HomeCommentaryPursuit of Peace: EDSA, Negros, Gaza, Ukraine, and Elsewhere

Pursuit of Peace: EDSA, Negros, Gaza, Ukraine, and Elsewhere

Days before the commemoration of the EDSA Revolution, reports of bombings and the use of firepower have been made in the islands of Negros, Bohol, and other areas in Mindanao.

We cannot effectively demand a ceasefire in Gaza, in Ukraine, or elsewhere, when even at our doorsteps we cannot insist on one.

The deaths of Filipinos are a common mark of civil disorder, that our government should mitigate by pursuing peace and addressing the roots of the social injustice, not by modernization of the military and security sectors.

As the late Bishop Antonio Fortich of Bacolod said “Peace is radically rooted in justice. Peace is the flower of justice. Unless the government sees to it that justice is given to everyone it is very hard to talk about lasting peace. Let’s look at some of our real problems.”

The highlight of the EDSA 1986 People Power Uprising was the triumph of civilian participation in governance over the military dictatorship of Marcos.

It was a break from the military abuses and Marcos functionaries that gripped the Philippine society for twenty years, only to be intermittently revived by succeeding regimes and revived brutally by the regime of Rodrigo Duterte from 2016 to 2022.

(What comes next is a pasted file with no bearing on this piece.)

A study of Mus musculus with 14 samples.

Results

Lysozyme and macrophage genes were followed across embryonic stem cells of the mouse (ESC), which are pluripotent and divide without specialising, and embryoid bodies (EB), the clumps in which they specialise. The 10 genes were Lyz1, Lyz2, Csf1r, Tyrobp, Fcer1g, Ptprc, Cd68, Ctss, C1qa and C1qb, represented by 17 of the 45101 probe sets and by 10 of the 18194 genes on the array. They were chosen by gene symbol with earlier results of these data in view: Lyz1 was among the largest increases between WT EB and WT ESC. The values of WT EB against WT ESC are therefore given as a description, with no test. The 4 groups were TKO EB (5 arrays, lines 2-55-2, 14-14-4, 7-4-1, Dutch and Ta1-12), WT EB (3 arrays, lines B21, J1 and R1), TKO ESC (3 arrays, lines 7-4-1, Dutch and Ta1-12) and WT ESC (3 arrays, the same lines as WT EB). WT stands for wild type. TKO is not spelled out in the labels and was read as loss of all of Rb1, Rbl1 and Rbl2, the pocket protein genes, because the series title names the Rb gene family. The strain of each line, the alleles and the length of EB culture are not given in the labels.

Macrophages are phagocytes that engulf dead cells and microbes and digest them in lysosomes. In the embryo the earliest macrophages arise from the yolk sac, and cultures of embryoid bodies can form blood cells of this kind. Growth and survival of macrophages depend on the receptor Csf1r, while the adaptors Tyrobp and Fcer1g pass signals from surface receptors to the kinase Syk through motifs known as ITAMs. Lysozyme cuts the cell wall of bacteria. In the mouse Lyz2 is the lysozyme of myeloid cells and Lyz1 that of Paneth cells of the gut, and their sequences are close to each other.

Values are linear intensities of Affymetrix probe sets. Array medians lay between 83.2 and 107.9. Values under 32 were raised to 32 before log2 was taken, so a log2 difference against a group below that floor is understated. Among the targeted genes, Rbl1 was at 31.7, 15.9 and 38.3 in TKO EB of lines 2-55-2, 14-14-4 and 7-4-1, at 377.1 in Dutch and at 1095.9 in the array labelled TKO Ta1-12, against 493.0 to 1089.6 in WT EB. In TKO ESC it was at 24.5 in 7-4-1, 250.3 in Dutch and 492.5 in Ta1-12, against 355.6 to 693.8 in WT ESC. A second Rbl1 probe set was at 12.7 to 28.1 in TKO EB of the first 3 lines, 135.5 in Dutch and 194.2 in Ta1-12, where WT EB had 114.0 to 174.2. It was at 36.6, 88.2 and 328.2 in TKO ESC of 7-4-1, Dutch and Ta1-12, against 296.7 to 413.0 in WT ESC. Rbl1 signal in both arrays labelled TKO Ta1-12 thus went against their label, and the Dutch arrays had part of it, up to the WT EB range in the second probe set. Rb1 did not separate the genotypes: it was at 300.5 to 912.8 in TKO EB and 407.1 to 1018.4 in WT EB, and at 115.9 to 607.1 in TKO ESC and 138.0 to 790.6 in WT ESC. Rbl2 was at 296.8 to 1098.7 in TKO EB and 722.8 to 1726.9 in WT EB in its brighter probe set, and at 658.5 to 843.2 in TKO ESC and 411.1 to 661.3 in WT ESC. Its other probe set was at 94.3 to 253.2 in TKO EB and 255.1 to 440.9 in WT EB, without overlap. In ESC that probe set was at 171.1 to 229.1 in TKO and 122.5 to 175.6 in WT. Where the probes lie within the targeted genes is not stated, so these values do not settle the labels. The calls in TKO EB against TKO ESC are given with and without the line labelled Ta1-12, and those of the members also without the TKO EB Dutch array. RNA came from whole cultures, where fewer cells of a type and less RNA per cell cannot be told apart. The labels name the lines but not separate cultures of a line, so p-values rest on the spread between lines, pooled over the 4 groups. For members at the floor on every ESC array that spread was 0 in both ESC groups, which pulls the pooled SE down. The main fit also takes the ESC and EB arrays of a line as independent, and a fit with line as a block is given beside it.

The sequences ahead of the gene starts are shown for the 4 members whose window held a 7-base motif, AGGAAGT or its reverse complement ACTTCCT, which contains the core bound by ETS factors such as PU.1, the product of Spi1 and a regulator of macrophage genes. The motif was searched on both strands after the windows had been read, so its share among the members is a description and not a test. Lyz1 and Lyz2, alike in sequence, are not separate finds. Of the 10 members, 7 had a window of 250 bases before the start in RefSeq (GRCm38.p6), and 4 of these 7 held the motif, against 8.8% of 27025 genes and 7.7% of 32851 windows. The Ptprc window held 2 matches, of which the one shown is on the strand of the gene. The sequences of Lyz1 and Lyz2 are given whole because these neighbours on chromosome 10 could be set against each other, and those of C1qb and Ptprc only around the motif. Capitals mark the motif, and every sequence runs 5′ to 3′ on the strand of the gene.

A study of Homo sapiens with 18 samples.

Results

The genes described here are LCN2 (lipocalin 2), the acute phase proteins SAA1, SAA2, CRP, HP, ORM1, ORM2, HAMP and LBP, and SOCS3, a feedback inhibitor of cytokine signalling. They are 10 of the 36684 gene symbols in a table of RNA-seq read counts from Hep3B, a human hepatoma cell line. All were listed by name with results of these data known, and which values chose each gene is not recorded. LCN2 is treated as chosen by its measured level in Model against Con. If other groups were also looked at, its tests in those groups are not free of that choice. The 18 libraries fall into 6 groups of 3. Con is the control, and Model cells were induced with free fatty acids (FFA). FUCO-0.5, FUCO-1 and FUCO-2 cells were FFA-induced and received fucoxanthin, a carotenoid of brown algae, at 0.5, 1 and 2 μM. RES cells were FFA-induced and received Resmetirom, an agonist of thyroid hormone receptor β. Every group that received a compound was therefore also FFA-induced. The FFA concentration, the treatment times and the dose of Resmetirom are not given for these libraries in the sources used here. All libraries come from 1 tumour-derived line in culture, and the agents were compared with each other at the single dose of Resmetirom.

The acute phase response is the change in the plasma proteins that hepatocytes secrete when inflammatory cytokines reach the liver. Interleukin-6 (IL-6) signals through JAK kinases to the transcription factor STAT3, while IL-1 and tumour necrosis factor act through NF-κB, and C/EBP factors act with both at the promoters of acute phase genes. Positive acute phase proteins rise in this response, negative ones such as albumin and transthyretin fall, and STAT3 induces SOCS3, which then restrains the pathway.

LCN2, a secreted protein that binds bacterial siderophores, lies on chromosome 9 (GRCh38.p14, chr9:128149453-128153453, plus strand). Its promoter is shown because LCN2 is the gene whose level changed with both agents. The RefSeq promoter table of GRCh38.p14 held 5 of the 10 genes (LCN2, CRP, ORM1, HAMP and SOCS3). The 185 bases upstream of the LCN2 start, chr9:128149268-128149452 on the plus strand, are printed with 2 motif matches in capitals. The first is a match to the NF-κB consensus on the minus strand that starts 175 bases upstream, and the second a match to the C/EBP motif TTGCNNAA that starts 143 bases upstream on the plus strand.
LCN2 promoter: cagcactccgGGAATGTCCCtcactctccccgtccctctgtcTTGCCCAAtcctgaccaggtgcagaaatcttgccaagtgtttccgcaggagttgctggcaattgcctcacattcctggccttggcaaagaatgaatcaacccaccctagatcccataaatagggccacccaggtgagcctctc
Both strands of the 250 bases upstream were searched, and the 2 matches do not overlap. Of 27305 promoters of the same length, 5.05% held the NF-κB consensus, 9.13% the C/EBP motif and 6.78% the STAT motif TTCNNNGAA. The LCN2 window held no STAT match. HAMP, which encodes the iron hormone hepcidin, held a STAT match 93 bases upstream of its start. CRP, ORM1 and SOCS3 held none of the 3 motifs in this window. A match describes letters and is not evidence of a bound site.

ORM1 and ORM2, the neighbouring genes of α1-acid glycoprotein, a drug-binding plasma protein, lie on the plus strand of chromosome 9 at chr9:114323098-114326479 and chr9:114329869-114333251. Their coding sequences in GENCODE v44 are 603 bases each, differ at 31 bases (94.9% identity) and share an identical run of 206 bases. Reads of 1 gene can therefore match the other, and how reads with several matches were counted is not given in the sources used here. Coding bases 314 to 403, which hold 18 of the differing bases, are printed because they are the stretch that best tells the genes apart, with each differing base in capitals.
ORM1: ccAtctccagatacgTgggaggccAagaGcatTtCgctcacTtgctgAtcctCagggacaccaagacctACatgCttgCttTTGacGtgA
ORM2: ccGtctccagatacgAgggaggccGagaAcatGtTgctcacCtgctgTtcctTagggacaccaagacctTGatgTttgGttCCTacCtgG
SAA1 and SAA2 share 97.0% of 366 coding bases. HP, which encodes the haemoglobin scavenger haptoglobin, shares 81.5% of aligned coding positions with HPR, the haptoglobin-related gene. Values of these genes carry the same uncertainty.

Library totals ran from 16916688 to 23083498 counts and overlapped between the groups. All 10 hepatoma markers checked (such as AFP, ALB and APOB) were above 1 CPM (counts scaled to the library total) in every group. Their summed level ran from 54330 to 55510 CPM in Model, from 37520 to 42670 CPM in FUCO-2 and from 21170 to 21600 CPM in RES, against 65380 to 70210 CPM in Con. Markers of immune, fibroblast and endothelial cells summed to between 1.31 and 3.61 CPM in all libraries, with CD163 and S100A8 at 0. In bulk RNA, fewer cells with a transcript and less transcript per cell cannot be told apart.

And yet, we have seen the bastardization of history resulting in the reassumption of power by the Marcoses, effectively erasing, or at least camouflaging, their guilt of corruption and cruelty inflicted on the Filipinos.


A rights-based constitution became integral in the Philippine society. However, the continued interest of political elites in charter change threatens what we have achieved in the EDSA 1986 People Power.

We cannot simply allow them to snatch the gains of EDSA and the power bequeathed on us as Filipinos in our 1987 Constitution. Let us protect the Filipino People, and never allow self-serving charter change!

“Deceit is in the mind of those who plan evil, but those who counsel peace have joy” (Prov 12:20).

In the aftermath of EDSA 1986, it was also a dream to pursue a just and lasting peace in the areas affected by militarization and civil strife. Sadly, this has thus far failed due to the egocentricities of certain elements among government leaders.

Bearing witness to the continued victims of attacks and atrocities in the doorsteps of our Diocese, as a pastor, I reiterate the renewed call for Peace Talks between the Government of the Republic of the Philippines (GRP) and the National Democratic Front of the Philippines (NDFP).

Let us work together to address the issues of poverty and injustice suffered by the poor. We must not allow the continuing bloodbath among Filipinos.

Thus, let us pray for peace, let there be a nonviolent revolution for peace.

Bishop Gerardo “Gerry” Alminaza, D.D. is the prelate of the Diocese of San Carlos in the central Philippines. He is the vice-chairperson of the Episcopal Commission on Social Action, Justice, and Peace of the Catholic Bishops’ Conference of the Philippines and a staunch human rights and environmental defender. He also heads the Laudato Si’ program of the bishops’ conference.